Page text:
A homeless man sits on a bench beside a trolley containing his possessions in Paris, Thursday, Feb. 2, 2012 as temperatures dropped to -10 Celsius in the French capital. Parts of eastern and central Europe were hit hard by heavy snow and frigid temperatures leaving hundreds trapped in cars, dozens of communities without power and bringing the overall toll from a week of frigid weather in Eastern Europe to 112.

BELGRADE, Serbia — At least 11,000 villagers have been trapped by heavy snow and blizzards in Serbia's mountains, authorities announced Thursday, as the death toll from Eastern Europe's weeklong deep freeze rose to 114.

Those stranded live in some 6,500 homes in remote areas that cannot be reach due to icy, snow-clogged roads, emergency police official Predrag Maric said. Emergency crews were pressing hard to try to clear the snow and deliver badly needed supplies.

"We are trying everything to unblock the roads, since more snow and blizzards are expected in the coming days," Maric said.

Twenty more deaths from the cold were reported in Ukraine on Thursday, with nine more in Poland and one more each in Serbia and the Czech Republic. Officials said most of victims were homeless.

Temperatures across the region sank to minus 32.5 C (minus 26.5 F) in some areas. Parts of the Black Sea froze near the Romanian coastline and the rare snow fell on Croatian islands in the Adriatic Sea. In Bulgaria, 16 towns recorded their lowest temperatures since records started 100 years ago.

Polish government spokeswoman Malgorzata Wozniak said her country's victims were mostly homeless people under the influence of alcohol who had sought shelter in unheated buildings. Officials appealed to the public Thursday to quickly help anyone they saw in need.

In Ukraine, 63 people have perished from the cold in the last week. Nearly 950 others were hospitalized with hypothermia and frostbite and over 2,000 heated tents have been set up with hot food for the homeless.

To the south, helicopters evacuated dozens of people from snow-blocked villages in Serbia and Bosnia this week and airlifted in food and medicine.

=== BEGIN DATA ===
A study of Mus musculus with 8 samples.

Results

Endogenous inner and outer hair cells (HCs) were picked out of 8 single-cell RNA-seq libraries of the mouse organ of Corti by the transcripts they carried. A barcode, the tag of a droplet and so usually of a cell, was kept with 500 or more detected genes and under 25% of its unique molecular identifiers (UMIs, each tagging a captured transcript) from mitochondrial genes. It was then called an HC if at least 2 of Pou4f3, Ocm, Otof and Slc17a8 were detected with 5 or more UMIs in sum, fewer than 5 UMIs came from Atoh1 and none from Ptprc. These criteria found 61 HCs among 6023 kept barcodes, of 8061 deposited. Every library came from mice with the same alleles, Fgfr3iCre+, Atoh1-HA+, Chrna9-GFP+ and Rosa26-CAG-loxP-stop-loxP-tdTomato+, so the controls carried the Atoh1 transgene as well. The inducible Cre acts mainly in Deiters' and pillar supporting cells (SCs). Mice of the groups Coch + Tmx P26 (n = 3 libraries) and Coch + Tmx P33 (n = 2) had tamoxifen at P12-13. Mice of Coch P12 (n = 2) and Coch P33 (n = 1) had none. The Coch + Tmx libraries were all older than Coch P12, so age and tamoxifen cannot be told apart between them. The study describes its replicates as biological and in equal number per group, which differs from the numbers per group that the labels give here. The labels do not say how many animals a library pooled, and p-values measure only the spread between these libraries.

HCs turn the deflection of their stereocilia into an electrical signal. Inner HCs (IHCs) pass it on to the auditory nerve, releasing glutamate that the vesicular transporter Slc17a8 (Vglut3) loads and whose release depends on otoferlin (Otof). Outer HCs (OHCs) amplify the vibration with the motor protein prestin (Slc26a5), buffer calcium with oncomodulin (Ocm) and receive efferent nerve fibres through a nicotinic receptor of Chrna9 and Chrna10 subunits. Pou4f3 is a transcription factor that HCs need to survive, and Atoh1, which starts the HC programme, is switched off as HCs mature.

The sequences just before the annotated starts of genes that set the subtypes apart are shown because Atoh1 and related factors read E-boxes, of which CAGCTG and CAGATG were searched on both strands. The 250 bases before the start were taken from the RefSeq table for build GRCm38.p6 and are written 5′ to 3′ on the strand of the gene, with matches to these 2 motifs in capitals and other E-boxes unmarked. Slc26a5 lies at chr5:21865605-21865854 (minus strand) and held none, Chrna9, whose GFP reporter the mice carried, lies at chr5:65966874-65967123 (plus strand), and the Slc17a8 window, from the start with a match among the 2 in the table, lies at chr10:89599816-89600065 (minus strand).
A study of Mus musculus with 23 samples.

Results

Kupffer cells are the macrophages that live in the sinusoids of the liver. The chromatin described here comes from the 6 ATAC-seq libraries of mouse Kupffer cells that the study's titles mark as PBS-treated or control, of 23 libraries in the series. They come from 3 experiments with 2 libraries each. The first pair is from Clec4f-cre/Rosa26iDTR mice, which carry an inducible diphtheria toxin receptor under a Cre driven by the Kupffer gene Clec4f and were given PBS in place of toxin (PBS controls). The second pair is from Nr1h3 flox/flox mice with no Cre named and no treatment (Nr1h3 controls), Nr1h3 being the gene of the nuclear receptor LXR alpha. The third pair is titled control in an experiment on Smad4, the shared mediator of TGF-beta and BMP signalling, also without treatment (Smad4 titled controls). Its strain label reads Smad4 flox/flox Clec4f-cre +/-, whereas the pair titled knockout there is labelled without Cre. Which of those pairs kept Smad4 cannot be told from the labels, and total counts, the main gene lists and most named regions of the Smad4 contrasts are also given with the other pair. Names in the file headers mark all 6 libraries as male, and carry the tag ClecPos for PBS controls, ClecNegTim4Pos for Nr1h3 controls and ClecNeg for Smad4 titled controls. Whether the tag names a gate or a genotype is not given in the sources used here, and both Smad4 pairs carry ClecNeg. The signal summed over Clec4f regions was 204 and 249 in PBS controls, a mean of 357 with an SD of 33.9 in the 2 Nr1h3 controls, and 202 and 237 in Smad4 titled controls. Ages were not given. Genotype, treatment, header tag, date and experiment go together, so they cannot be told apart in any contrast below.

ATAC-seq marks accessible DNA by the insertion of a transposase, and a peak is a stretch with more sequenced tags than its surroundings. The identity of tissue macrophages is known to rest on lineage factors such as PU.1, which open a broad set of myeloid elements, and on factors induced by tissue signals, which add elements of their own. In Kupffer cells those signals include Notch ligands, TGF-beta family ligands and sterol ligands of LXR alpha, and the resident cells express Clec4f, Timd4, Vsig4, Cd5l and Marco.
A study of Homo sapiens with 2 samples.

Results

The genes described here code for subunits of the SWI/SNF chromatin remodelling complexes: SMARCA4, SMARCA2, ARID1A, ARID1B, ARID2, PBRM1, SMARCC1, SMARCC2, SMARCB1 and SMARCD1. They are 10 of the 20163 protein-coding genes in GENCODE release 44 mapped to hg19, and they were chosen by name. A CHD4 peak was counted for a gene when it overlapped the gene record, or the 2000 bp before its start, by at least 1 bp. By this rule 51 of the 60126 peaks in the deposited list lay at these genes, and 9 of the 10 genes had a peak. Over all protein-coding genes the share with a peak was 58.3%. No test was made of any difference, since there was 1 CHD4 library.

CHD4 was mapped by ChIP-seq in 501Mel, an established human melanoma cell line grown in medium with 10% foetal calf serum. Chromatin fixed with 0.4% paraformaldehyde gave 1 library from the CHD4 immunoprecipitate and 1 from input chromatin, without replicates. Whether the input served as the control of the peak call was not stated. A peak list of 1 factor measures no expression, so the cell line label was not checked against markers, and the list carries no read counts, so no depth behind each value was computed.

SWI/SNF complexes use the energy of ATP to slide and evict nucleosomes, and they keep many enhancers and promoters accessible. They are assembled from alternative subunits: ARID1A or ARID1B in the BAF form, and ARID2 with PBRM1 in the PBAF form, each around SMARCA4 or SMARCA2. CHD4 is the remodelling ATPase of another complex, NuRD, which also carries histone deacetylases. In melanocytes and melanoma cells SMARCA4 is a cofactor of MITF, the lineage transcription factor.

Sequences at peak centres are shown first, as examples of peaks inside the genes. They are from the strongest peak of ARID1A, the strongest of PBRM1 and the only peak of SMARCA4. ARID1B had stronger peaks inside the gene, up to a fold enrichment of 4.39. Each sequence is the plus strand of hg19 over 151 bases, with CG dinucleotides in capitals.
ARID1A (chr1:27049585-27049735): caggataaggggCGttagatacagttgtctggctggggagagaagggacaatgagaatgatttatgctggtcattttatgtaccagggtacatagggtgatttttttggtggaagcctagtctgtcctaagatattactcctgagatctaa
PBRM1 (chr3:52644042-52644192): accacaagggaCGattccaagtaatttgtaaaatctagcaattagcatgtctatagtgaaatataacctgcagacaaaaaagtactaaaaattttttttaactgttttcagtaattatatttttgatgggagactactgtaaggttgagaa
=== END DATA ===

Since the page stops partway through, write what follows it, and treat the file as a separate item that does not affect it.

In central Serbia, choppers pulled out 12 people, including nine who went to a funeral but then could not get back over icy, snow-choked roads. Two more people froze to death in the snow and two others are missing, bringing that nation's death toll to five.

"The situation is dramatic, the snow is up to five meters (16 1/2 feet) high in some areas, you can only see rooftops," said Dr. Milorad Dramacanin, who participated in the helicopter evacuations.

Two helicopters on Wednesday rescued people and resupplied remote villages in northern Bosnia.

"We are trying to get through to several small villages, with each just a few elderly residents," said Bosnian rescue official Milimir Doder. "All together some 200-300 people are cut off. We are supplying them for the second day with food and medication."

In the small Bosnian hamlet of Han Kran on Mt. Romanija, villagers waited for a helicopter at a flat spot that they had cleared of snow.

"We are barely coping. I live on my own — it is a real struggle," said Radenka Jeftovic, an elderly woman wrapped in woolen scarfs and hugging a food package she received.

Goran Milat, a younger resident, complained that "the minuses are killing us."

"We are thankful for this help," he said. "But the snow did what it did and we are blocked here until spring."

Some Bosnian villages have had no electricity for days and crews were working around-the-clock trying to fix power lines.

Schools, nurseries and colleges across the region shut down, including one school in eastern Hungary that said it could not afford the high heating bills. The airport in Montenegro's capital of Podgorica was shut down for the second day Thursday because of heavy snowfall.

Monika Scislowska reported from Poland. Alison Mutler from Romania, Aida Cerkez from Bosnia, Pablo Gorondi from Hungary, Veselin Toskhov from Bulgaria and Jovana Gec from Serbia contributed to this report.